I have to say, in the decade I’ve been on this beat, I have never seen such a nasty surge attempt to hit at a film – and I believe it is coming from multiple angles. The military have their gripes, mostly because they think the idea of a rogue bomb tech isn’t in keeping with the way soldiers and bomb techs really do behave. This Washington Post piece is a balanced report of it – quoting bomb disposal guys in Afghanistan. A less balanced story appears in the Los Angeles Times. There is a Salon piece that takes down Bigelow’s strengths as a filmmaker and attacks her much the same way members of the black community attacked Precious – for not cow-towing to the minority’s central talking points. Hey, at this rate we can have 82 more years of films made by white guys winning awards.
But this Huffington Post commentary by an Iraq vet looks to be a guy who actually gets that The Hurt Locker is strong on theme, deep on meaning – and yeah, takes artistic license with aspects of the war:
The end of the movie is most poignant to me, as we see a soldier used to the stress of combat take on the mundane task of picking out a box of cereal at a grocery store after returning home. Many combat veterans live the same reality — coming home to a vastly different environment after dealing with the stress of combat.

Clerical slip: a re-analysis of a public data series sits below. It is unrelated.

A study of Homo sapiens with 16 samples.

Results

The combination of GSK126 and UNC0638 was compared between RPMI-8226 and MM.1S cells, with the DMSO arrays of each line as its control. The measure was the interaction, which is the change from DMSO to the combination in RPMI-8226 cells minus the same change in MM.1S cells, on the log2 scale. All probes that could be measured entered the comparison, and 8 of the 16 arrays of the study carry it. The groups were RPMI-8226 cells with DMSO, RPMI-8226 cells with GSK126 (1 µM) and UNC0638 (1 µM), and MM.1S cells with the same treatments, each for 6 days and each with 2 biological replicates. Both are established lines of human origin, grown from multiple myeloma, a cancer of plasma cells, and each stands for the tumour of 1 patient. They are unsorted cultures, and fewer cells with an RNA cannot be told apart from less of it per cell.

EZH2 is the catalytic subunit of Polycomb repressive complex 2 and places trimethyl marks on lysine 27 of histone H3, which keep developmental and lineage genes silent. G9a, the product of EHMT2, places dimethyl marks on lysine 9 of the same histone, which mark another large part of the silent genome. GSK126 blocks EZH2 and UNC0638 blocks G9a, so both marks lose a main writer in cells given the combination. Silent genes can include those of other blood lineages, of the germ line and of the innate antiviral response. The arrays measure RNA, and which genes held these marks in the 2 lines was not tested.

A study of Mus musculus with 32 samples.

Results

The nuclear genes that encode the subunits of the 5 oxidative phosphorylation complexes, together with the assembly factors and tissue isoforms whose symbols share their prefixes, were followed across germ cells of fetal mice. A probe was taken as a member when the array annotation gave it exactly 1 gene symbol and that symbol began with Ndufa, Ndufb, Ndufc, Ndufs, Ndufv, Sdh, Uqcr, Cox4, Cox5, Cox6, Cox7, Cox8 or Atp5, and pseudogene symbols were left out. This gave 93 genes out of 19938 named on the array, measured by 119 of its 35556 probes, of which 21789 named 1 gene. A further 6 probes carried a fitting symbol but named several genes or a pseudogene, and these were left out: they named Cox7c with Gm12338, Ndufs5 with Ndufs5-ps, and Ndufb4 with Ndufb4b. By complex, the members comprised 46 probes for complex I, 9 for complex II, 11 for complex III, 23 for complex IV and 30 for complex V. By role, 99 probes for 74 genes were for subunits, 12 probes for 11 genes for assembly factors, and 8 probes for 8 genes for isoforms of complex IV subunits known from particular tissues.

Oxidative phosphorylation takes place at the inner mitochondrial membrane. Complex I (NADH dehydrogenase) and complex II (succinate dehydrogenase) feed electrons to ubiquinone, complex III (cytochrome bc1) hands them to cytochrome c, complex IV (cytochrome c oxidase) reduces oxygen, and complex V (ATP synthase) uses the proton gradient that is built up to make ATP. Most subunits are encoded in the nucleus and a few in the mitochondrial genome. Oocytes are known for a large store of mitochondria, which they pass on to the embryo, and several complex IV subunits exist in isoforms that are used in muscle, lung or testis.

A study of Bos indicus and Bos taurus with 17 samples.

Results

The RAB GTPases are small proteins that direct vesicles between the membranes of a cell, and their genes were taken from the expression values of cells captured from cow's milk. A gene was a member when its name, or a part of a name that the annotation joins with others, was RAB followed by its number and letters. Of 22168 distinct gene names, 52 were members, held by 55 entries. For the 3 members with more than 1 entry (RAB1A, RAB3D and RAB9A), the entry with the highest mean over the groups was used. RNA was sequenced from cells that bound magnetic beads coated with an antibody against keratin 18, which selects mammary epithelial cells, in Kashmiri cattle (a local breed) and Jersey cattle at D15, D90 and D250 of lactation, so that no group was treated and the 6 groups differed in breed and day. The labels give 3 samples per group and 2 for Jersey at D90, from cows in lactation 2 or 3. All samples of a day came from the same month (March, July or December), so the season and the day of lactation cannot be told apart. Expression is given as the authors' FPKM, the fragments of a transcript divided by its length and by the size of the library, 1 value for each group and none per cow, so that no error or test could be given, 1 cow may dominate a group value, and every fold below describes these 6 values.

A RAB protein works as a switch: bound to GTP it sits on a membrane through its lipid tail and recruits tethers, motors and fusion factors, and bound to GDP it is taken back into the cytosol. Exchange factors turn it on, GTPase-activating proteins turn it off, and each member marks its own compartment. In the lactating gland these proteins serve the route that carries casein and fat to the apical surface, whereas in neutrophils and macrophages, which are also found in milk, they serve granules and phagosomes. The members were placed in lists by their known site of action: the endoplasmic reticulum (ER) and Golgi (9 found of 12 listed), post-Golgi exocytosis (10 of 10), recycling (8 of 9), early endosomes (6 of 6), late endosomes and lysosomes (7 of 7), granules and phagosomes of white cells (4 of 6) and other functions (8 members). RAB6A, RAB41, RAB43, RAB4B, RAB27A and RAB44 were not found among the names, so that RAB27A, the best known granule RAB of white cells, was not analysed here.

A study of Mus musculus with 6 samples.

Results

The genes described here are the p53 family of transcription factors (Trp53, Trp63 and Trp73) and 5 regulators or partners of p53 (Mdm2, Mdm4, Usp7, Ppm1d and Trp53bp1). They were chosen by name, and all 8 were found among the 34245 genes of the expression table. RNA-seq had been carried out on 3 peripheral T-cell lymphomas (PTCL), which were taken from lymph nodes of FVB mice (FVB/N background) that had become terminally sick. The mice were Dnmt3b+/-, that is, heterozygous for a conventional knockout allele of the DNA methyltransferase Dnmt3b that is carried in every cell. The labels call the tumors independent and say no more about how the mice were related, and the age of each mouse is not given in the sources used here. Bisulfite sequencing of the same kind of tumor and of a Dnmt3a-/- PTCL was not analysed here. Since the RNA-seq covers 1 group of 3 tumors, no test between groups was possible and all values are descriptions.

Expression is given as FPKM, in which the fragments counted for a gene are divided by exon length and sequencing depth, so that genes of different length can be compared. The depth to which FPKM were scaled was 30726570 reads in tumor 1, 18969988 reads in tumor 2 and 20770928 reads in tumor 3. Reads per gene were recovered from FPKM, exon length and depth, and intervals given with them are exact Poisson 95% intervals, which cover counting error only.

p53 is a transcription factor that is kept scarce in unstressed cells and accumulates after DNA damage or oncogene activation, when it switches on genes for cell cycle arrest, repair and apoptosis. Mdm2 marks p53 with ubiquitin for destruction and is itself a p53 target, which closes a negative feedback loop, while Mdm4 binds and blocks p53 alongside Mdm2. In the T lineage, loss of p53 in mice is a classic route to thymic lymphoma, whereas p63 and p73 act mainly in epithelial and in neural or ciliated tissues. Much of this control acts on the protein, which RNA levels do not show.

In this way, a veteran might take for granted the scenes that civilian film watchers will find so moving.
By the end of the film, the audience comes to appreciate that the experience isn’t something that happens overseas — the characters have real lives at home. Since I was there, I’m not sure whether that makes my take more or less valid. What I can say for sure is that some of underlying themes caused me to reflect on my own journey through combat and readjustment.
I can’t help but wonder — Is it possible that every soldier that serves in combat leaves a part of themselves in the hurt locker?